EGLOSHAYLE IS ACROSS the Camel river, facing the Cornish town of Wadebridge. The Earl of St Vincent pub is hidden away up a hill behind Egloshayle’s St Petroc church. It is housed in a building built in the 17th century as a boarding house for masons. Later, it became a pub. One of its many guests was Admiral Sir John Jervis (1735-1823).
The interior of the pub has timber roof beams and a delightful feeling of times long gone by. It is a great example of many people’s idealised vision of a typical ‘olde worlde English’ country pub. Soon after entering the dimly lit establishment, and your eyes adjust to the low light levels, it becomes evident that the pub is full of clocks, mostly differing in design. Most of them appear to be in working order, but not many of them show the same time. A great number of the clocks chime at least once an hour, but not all at the same time. This being the case, there is usually at least one clock chiming at any given moment. This produces a lovely background symphony of chimes.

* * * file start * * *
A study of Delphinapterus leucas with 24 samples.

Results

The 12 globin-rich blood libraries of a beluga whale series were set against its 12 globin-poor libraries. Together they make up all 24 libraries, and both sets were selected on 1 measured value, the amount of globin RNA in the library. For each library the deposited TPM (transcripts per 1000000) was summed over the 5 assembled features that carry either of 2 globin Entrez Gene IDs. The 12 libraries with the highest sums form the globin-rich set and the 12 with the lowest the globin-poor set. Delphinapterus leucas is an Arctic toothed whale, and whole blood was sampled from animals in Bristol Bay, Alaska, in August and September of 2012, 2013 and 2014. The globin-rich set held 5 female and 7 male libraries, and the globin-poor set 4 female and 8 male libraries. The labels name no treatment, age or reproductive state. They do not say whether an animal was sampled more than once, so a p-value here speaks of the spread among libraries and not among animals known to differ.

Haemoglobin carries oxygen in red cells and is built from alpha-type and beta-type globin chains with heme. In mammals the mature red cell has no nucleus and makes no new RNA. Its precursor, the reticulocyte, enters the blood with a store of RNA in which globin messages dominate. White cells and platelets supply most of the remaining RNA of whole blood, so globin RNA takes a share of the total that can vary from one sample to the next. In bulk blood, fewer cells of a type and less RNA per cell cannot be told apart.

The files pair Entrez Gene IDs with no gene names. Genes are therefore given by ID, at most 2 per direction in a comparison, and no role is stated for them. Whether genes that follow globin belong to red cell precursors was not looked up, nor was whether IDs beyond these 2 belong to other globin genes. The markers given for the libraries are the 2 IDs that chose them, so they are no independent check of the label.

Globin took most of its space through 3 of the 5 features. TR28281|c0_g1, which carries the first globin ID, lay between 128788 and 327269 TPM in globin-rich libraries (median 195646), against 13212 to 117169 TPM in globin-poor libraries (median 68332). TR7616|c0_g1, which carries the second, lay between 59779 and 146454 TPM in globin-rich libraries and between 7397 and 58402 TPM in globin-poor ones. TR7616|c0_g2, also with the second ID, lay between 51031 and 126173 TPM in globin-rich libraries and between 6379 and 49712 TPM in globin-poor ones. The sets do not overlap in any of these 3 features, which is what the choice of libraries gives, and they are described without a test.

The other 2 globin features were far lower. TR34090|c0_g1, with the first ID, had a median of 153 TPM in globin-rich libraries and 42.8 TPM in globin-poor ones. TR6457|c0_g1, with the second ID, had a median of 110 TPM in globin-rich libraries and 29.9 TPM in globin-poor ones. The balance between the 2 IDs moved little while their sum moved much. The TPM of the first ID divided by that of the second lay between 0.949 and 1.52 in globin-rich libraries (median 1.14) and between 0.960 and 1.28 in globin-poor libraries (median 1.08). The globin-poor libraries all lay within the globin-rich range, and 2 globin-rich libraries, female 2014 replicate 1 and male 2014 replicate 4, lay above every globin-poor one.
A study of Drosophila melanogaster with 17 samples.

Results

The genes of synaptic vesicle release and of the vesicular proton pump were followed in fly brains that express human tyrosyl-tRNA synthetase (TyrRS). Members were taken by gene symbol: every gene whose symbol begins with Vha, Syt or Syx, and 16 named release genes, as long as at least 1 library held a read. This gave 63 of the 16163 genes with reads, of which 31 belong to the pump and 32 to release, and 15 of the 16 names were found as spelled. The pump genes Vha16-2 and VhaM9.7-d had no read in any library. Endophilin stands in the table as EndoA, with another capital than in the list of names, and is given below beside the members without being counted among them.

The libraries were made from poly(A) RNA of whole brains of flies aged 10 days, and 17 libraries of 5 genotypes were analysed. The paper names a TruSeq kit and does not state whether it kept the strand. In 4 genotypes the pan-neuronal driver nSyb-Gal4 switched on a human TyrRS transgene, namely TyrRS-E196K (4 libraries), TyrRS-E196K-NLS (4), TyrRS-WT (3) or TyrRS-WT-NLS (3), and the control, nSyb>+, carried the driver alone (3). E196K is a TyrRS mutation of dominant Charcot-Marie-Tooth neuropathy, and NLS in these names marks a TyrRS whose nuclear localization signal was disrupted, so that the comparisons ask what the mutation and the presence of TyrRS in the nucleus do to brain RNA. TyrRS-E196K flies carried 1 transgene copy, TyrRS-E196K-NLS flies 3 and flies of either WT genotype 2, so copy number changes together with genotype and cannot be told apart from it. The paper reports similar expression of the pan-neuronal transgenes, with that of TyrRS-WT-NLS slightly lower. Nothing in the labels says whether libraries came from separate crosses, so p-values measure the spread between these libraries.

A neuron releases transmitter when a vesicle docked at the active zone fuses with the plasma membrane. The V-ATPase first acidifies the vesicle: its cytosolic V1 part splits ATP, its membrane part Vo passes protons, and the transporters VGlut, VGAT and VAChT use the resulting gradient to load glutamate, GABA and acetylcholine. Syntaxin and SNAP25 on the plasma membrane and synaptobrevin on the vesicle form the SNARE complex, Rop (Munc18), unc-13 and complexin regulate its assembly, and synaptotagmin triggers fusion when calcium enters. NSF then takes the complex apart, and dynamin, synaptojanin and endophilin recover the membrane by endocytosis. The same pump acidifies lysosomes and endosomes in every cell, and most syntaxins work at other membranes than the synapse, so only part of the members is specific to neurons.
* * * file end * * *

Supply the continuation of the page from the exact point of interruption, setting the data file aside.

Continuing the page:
I asked one of the pub’s staff why there were so many clocks in the pub. She replied:
“Some people like children. We like clocks”
Later, I asked the landlady about the clocks. She told me that when they took over the pub some years ago, there was no clock in it. She and her husband bought one clock for the pub, and this became the start of their collection. They could not stop buying timepieces. She told me that there are over 200 clocks in the pub and winding them up every day is quite a huge task.
Apart from the fascinating clocks, the pub can be recommended for the delicious, excellently prepared, unpretentious food that can be eaten there.